ALBANY, Ga. -- Mackenzie Bloing had 10 options to choose from after being accepted into the People to People World Leadership Program.
Being able do a hands-on activity and meeting Super Bowl MVPs Peyton and Eli Manning were three of the main reasons the Robert Cross Middle Magnet School student wanted to participate in People to People's "Rebuilding New Orleans: Remembering Hurricane Katrina" nine-day summit. The program begins today and runs through July 6.
Makenzie, 13, will learn about leadership and global awareness in the academically challenging program. She was nominated to participate in the program by Robert Cross teacher Jacquelyn Scott. Makenzie was accepted for the honor based on her "outstanding scholastic merit, civic involvement and leadership potential," according to a news release from the organization which was founded by Dwight D. Eisenhower in 1956 during his presidency.
In addition to meeting the Manning brothers, former Secretary of State Condoleezza Rice and "When the Levees Broke" director Spike Lee, she will help to rebuild a school hit by Hurricane Katrina in 2005. She will also visit the homes and people whose lives were shattered by what the National Hurricane Center describes as "one of the most devastating natural disasters" in U.S. history. An estimated 1,500 people died as a result of the storm.
"We don't know much about the school itself," said Makenzie, who plays the cello in Robert Cross' orchestra. "I like to do community service. I do Girls Scouts. I'm in 40268 troop at Avalon Methodist Church. We are one of the biggest troops in Albany and we do a lot of community service and charity work. We go to nursing homes and sing. We help people who need it and can't fend for themselves."
Makenzie flew as an unaccompanied minor on two planes to reach New Orleans. She will stay at Tulane University dormitories. After meeting other leadership group members, Makenzie will hear tonight from retired Lt. Gen. Russell Honore, who led Task Force Katrina, about how his troops addressed the challenges after the hurricane made landfall. She'll later hear from "Why New Orleans Matters" author Tom Piazza, and explore a former plantation and the Louisiana bayou by boat. On July Fourth, she'll watch a fireworks display and complete her trip July 5 by meeting Rice, the Mannings and enjoy a Mardi Gras-style gala with Creole cuisine.
"I love my teacher Ms. Scott, my parents who support me and my friends as well," said Makenzie, who has lived in Albany 4 1/2 years after moving from Hampton County, S.C. "I am a Colts fan and we all love the Giants and the Saints."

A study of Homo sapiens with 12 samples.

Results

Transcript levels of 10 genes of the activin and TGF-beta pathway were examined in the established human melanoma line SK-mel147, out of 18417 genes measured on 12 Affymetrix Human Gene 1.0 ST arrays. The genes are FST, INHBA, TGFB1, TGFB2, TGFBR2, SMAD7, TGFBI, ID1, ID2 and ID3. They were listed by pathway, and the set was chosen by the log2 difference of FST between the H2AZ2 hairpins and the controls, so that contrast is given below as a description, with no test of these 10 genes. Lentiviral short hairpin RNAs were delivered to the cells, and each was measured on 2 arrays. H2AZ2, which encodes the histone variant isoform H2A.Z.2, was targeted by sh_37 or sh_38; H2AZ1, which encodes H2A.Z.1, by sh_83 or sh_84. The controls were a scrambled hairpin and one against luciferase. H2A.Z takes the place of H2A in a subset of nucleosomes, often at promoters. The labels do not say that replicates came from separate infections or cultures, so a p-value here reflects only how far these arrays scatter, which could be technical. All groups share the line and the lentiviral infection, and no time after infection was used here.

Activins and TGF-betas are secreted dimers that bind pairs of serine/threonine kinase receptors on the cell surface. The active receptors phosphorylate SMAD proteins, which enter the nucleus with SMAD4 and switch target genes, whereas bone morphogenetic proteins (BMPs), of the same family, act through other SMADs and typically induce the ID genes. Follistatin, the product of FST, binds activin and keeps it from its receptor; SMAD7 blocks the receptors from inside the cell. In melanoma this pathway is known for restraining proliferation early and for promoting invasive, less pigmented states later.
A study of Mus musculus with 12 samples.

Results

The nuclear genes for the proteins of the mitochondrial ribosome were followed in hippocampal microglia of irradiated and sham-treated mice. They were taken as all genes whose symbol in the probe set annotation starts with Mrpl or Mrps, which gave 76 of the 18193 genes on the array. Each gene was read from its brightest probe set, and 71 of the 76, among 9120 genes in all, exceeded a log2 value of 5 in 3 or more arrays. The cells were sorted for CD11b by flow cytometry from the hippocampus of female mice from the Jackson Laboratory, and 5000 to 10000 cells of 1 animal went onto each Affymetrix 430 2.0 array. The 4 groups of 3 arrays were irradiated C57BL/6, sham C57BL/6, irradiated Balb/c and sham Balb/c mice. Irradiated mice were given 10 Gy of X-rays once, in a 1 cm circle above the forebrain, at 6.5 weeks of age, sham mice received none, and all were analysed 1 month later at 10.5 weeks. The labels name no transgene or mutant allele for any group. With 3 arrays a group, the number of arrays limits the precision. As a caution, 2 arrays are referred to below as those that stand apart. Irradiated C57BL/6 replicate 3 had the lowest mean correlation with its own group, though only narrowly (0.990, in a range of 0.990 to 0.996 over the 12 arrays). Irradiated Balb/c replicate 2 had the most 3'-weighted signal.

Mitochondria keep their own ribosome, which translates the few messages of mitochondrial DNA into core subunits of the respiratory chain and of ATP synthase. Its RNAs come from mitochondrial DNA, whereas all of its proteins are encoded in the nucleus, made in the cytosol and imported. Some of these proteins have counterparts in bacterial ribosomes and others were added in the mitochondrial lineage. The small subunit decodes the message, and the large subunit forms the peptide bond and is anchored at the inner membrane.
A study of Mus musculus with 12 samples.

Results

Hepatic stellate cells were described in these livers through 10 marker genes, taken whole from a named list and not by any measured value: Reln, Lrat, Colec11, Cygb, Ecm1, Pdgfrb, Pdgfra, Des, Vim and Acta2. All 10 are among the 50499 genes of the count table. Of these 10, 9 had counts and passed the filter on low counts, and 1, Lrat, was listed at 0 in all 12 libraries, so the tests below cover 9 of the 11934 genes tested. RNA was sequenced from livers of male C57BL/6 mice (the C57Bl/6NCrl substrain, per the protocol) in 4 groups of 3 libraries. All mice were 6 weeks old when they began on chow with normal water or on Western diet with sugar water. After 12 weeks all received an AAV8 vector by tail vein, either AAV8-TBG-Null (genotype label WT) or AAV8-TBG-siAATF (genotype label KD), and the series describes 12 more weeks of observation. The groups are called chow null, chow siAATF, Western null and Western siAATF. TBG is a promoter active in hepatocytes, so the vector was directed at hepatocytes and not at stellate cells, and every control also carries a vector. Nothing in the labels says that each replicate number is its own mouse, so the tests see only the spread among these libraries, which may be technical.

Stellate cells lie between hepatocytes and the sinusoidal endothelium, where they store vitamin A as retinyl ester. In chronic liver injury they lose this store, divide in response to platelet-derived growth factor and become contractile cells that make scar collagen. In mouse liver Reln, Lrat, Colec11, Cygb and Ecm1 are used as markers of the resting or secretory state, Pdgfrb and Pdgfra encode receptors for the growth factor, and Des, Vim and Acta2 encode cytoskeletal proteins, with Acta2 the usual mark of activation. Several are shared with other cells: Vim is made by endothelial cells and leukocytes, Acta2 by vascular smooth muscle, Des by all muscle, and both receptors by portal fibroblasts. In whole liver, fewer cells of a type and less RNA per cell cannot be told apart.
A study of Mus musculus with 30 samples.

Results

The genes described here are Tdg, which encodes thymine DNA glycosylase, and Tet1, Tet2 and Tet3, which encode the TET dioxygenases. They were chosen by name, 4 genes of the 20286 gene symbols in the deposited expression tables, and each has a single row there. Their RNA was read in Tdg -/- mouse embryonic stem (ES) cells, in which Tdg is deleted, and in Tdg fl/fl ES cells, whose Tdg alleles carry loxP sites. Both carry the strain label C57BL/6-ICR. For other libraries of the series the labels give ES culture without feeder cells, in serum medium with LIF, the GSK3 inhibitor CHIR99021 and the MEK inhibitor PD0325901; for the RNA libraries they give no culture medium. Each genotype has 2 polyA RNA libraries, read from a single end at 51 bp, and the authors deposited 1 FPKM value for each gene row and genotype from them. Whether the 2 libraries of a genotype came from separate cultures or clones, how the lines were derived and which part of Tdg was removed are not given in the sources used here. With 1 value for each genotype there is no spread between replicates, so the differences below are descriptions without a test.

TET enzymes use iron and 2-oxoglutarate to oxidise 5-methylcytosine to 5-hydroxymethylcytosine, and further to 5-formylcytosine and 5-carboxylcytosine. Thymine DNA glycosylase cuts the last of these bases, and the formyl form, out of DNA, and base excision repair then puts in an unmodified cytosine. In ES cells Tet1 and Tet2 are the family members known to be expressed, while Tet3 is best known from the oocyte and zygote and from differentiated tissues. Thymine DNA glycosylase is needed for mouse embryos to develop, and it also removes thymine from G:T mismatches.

Makenzie said she's already gotten to know other students going on the trip through online social networking. Although she has never visited New Orleans before, Makenzie's mother, Elizabeth, said her outgoing daughter has an adventurous nature and has experienced quite a lot despite her years. In addition to scuba diving, snorkeling, white water rafting, snow skiing, parasailing and hang gliding, Makenzie has also swam with dolphins, manatees and sea lions.
"We stand in awe of her because Makenzie is absolutely fearless," said Elizabeth, who has been married 14 years to Dr. Bob Bloing.
She then added jokingly, "Now, I wish she could only clean her room, vacuum and spell."
Her father said Makenzie is also quite a climber. Bob Bloing flew helicopters in combat in Vietnam and was a police officer for 15 years in Flint, Mich., before he broke his back chasing a criminal. Following the accident, he went back to school to become a physician and eventually came to Albany as an anesthesiologist at Palmyra Medical Center.
"She's a rock climbing fool," said Bob Bloing of his daughter, who scaled a natural 50-foot tall rock wall six times. "She climbs better than any boy."
Makenzie and her younger brother, Andrew, playfully keep each other on their toes. As Makenzie puts it, "we're separated by two years, two months, two weeks and two days."
"She defends me no matter what, unless she's beating me up," laughed Andrew, a rising Robert Cross sixth-grader who videotaped The Herald interview. "She's pretty and smart. I won't miss her, but it'll be quiet."